Spotted! Kyle Ngo


Kyle about design: “Conventional design’s success is measured against how well it sells and how elegantly conflicts among aesthetics, production, usability and costs are resolved. Today’s designers need to be able to do more than solve known problems; they must be comfortable with uncertain opportunities and capable of inventing the unexpected by giving form to the ingenious. Design as critique can do many things – post questions, encourage thought, expose assumptions, provoke action, spark debate, raise awareness, offer new perspectives, and inspire. And even to entertain in an intellectual sort of way. Thus, my projects approach design as a form of critique rather than a method for problem-solving.

“My works explore, experiment and discover imaginary possibilities in the form of speculative design, new modernism and emerging technologies with relations to the cultural, social, technological, ethical and political implications,” he continues. “Crafting the coexistence of design in the here-and-now and yet-to-exist with physical presence that can locate in our present-day world, while their meaning, embodied values, beliefs, ethics, dreams, hopes and fears belong somewhere in the possible future.”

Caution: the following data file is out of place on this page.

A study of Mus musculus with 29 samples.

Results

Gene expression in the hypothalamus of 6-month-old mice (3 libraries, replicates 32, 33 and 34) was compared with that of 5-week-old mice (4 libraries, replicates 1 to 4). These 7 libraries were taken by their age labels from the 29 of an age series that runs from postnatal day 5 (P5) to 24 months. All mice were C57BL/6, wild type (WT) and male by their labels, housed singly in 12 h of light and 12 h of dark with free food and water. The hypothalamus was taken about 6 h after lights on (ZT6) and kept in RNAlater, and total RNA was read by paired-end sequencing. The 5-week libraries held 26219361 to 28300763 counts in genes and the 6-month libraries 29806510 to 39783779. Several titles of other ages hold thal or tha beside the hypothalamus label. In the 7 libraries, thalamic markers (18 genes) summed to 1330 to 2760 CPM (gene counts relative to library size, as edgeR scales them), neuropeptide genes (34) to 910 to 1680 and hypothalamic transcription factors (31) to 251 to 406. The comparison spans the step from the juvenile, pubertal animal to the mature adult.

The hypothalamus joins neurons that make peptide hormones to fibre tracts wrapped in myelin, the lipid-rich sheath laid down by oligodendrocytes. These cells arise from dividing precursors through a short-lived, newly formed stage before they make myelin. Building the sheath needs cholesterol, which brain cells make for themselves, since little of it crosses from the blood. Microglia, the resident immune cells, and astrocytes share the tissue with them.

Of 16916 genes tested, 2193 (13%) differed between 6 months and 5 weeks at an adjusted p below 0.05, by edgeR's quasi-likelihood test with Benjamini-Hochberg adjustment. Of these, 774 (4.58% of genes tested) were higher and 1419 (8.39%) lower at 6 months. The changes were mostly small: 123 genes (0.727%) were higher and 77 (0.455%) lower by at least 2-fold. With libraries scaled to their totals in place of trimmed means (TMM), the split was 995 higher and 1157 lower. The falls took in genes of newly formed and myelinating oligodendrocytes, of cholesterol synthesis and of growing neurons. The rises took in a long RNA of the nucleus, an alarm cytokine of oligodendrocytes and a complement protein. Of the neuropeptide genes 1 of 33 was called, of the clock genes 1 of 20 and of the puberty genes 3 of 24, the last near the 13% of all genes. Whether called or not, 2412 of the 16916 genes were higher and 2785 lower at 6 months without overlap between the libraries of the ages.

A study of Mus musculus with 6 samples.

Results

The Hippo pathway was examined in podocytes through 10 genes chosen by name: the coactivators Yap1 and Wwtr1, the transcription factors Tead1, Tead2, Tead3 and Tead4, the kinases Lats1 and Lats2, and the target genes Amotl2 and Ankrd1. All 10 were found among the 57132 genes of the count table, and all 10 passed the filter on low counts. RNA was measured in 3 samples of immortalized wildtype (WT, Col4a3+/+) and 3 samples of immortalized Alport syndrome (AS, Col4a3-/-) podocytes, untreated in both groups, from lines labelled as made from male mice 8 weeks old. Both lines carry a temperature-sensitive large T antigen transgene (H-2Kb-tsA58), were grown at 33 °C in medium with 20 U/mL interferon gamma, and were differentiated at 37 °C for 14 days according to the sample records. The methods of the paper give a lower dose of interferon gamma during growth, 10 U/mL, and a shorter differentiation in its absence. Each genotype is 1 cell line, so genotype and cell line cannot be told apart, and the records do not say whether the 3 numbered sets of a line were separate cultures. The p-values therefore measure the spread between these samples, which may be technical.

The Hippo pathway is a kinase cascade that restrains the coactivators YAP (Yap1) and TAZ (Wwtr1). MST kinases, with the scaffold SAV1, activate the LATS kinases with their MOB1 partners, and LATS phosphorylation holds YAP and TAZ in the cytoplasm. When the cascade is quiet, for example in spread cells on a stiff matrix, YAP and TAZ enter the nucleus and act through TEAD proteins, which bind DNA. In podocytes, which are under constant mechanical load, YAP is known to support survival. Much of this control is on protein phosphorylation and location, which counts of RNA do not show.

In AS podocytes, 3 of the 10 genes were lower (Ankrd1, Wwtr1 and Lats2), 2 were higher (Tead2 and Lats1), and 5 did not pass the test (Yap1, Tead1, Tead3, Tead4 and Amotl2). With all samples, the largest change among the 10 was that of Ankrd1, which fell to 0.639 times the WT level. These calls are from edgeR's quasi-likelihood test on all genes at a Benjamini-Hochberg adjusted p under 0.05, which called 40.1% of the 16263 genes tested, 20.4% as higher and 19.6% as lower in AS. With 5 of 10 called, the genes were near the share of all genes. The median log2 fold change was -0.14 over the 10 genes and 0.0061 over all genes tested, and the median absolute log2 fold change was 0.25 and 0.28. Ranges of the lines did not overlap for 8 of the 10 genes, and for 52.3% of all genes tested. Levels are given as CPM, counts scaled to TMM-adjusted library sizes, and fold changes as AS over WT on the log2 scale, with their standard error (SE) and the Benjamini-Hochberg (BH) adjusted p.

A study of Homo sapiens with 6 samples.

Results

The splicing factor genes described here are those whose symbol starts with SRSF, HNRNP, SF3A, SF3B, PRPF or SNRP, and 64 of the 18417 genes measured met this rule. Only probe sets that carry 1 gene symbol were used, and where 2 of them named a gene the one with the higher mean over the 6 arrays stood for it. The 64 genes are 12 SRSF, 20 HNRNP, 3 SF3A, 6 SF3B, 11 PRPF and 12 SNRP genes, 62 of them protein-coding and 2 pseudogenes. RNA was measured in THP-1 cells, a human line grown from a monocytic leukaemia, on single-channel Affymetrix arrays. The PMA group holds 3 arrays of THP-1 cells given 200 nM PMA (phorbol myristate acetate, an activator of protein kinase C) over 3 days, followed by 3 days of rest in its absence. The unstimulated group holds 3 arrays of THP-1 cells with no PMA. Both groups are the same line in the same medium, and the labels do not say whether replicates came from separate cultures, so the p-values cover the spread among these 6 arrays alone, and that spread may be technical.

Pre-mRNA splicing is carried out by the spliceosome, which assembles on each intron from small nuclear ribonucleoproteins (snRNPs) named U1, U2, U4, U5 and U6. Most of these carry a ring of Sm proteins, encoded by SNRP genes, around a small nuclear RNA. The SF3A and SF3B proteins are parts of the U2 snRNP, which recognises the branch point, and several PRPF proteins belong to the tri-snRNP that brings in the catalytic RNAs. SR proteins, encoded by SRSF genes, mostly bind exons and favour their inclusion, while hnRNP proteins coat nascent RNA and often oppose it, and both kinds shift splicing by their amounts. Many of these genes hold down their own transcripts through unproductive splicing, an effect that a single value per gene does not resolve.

Every year, Kyle works on a personal project that reveals an unseen part of our society. Last year he teamed up with The Project X, a non-profit organization working with a small team of dedicated volunteers who walk the streets of Geylang to reach out to sex workers. “The project also aims to end the stigma and discrimination that results in physical, verbal, emotional and financial violence against sex workers in Singapore,” Kyle explains. “I conducted interviews and documented a series of photographs based on the lives of transgendered sex workers. Titled Sisters, my documentary photography project discovers this unseen part of Singapore. Being a sister in a conservative society like Singapore is a hard route to take. One of the many challenges that transgender women face is job discrimination. And for this very reason, many transgender women in Singapore become sex workers as sex work tends to be the only way they can earn a living.”

Kyle who describes himself as a postmodernist thinker, believes that design is not solely functional and usable, but can be a form of critique. “I am currently completing five projects that showcase these forms of discourses. One of my projects titled the WILD magazine, is a cultural and political gossip magazine that collects, analyses and presents fictitious stories about the current world. Bridging postmodernist thinking and aesthetics with present-day information, WILD blurs the confines of the real and imaginative news, breaks up conventional design phenomenon and seeks to redefine the aesthetics of cultural and political gossips with witty visual detritus within he society.”